Denver Post editorial page editor Chuck Plunkett has gone hero on us again, this time quitting the job he loved because the vultures at Alden Global Capital had killed his latest column criticizing his hedge-fund bosses.
He said he had no choice. Here’s the quote making the rounds: “Our obligation is to the reader and the truth. We should not be allowing ourselves to be quiet about something our own people are doing that would be considered dangerous, bad for our communities and bad for democracy.”
He said for him to stay quiet would be “hypocritical.” And so he walked.
And so, we’ll all pat him on the back — particularly those of us in the media who know him well — and talk about how brave and bold he was (because he was) and what an inspiration he has become (because he has) and how we hope we would risk everything for principle (because we do).
We said the same when Boulder Daily Camera editorial page editor Dave Krieger was fired for self-publishing a column that the Alden bosses had killed when Krieger wrote it for the Camera editorial pages.
We cheered and we applauded. And then … what?
We are in a crisis. That’s why Plunkett and Krieger risked their jobs. It’s a crisis not just for us journalists, but for everyone in the state and the community that values journalism. Applauding Plunkett’s bravery changes nothing. Waiting around for some hero — one, preferably, who doesn’t live paycheck to paycheck — changes nothing.
So, what do those of us who value The Post do?
We follow Plunkett’s lead. I don’t know what else there is to do. We quit the paper until Alden sells. They’re making big profits from The Post now. They’re never going to sell unless they’re forced to, but they will, I promise, continue making cuts. There’s fear now that they could do away with editorial pages altogether in order to keep down the rebels. For those who still work at The Post, the survivors, they must act because there’s nothing else to be done.
Plunkett expected to be fired when he had taken his initial stand against Alden, writing a fiery editorial and putting together an entire Sunday package demanding that Alden stop eviscerating the Post. He wrote, bravely and credibly, that if the Alden people wern’t interested in journalism — and they’re not — they needed to sell The Post to somehow who was.
Of course he expected to be fired. You don’t rail against the bosses in their own newspaper and expect to get away with it. That he wasn’t fired immediately could presumably be put down to the fact that the Plunkett package — the Denver Post rebellion — had become national news and that Alden, though shameless, isn’t stupid. They were taking enough heat.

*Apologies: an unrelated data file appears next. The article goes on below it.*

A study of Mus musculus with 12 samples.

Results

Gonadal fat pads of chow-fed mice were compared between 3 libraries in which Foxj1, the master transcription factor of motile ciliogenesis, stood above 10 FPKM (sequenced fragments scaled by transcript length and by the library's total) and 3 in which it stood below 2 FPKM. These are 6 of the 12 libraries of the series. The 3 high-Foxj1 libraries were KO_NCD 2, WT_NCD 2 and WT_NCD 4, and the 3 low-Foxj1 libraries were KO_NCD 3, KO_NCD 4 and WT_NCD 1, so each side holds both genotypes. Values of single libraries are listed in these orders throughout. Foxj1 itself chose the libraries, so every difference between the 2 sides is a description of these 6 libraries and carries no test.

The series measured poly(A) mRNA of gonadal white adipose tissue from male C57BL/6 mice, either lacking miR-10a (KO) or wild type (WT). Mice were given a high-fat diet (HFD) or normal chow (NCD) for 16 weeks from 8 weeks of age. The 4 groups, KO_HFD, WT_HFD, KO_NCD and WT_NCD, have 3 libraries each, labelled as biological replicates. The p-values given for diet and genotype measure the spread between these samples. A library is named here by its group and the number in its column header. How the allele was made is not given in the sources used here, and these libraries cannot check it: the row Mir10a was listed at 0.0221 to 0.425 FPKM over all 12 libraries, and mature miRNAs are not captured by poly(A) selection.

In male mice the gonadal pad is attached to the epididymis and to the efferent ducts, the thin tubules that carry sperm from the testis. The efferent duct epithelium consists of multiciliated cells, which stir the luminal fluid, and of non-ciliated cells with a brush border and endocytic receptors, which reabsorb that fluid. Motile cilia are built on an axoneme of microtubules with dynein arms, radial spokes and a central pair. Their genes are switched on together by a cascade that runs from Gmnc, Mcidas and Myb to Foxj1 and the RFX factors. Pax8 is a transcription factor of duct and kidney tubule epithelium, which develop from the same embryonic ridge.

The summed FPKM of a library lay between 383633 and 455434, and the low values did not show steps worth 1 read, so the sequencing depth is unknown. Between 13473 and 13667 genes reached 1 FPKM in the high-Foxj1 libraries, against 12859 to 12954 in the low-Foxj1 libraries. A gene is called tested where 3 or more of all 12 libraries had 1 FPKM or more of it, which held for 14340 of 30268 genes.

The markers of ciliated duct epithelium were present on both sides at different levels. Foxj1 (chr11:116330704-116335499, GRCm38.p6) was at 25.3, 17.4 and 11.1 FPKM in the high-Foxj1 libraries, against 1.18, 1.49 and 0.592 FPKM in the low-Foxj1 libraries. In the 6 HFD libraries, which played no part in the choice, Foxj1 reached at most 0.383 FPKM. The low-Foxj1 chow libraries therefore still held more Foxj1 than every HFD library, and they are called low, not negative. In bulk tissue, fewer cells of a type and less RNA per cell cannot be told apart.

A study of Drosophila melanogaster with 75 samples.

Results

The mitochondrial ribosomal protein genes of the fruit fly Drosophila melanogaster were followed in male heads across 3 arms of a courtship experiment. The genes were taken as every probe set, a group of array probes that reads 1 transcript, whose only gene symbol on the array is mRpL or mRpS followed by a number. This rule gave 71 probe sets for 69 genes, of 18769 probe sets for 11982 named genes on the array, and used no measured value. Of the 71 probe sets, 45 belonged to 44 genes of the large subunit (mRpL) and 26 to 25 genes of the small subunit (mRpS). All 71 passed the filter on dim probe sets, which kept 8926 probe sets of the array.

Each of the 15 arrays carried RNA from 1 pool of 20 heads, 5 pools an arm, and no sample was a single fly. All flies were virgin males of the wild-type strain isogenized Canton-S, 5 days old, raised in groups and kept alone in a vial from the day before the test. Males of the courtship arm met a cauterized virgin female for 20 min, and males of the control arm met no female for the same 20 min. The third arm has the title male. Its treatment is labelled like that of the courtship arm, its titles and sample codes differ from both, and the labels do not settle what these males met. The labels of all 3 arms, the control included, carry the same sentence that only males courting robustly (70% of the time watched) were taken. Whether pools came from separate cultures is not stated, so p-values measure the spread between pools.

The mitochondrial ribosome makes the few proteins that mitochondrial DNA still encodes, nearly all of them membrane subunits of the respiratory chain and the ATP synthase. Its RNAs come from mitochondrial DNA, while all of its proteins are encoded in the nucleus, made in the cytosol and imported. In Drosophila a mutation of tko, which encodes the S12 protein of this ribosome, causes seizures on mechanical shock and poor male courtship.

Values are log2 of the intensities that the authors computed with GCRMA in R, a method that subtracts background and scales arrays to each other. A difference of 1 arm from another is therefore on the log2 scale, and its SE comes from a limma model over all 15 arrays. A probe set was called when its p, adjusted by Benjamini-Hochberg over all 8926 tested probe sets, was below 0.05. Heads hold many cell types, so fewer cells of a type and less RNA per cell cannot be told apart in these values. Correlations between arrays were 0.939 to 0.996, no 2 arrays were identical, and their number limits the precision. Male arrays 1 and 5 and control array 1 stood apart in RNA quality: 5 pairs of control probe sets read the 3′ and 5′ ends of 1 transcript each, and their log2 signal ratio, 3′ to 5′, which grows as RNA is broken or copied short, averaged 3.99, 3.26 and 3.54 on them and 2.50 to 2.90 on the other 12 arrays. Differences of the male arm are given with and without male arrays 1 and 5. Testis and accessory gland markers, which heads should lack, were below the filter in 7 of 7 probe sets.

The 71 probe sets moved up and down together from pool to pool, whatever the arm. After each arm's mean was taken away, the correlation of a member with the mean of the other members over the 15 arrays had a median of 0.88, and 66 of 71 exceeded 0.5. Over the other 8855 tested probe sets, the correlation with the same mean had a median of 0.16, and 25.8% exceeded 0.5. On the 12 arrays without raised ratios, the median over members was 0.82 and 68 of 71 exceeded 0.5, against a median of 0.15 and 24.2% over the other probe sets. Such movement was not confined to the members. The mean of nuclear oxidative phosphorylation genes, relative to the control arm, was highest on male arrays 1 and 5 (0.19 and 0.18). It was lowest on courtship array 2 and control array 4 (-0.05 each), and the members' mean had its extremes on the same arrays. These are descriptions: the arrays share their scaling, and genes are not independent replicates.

So, they didn’t fire Plunkett. They just put out the word to Digital First Media— the front firm that runs the chain of newspapers that Alden owns — that there would never again be anything like it in their papers.
And then Krieger wrote his column and was fired for it. And then newspaper guru Ken Doctor wrote that Alden’s Colorado papers were turning a 19 percent profit at the same time Alden decided to lay off a third of the Post’s newsroom, further reducing a once-prominent newspaper into a shell of itself.
Then Plunkett found that he had to write again. That’s the bargain owners make with their newsrooms — that they get to be independent. It doesn’t always work that way, but it does far more often than the public realizes. Alden has no interest in that bargain.
When I wrote before that it was time for subscribers and advertisers to boycott the Post — that the only way to hurt the hedge funders was through their profit margins — I was criticized by many for both quixotic thinking (I may be guilty of that) and faulty strategy (OK, I’m definitely not a business strategist).
On the other hand, I haven’t heard any competing strategy that would work. Waiting is not a strategy. Hoping for a billionaire to rescue the paper is not a strategy. The only way I can think of to save the Post is to follow Plunkett’s example and make a stand.
We’ve seen the decline of newspapers over these past years, the loss of so many jobs, but newspapers can and do still work. News still matters. Local newspapers can still turn a profit — and generally do. We need to convince a potential owner to step up as the next hero. But Alden won’t sell unless it is forced to sell, not when it’s making 19 percent profit.
I am hoping that Denver Post employees, beleaguered as they are, take a stand against Alden. Walkouts, byline strikes, publicly speaking out, calling for a boycott of their own newspaper, whatever. I understand the risks of losing your job in this market — I’ve been there — but I can’t think of any other way to rally the community, to rally political leaders who can speak directly to Alden, to move readers and advertisers to demand better, to stop the Alden vultures from picking at The Denver Post’s bones, to resolve the crisis that is facing us.
It is a crisis — one that Plunkett’s resignation forces us, again, to confront. Imagine Denver without a newspaper and what that would mean. Sadly, it’s not very hard. Tragically, we’re nearly there now.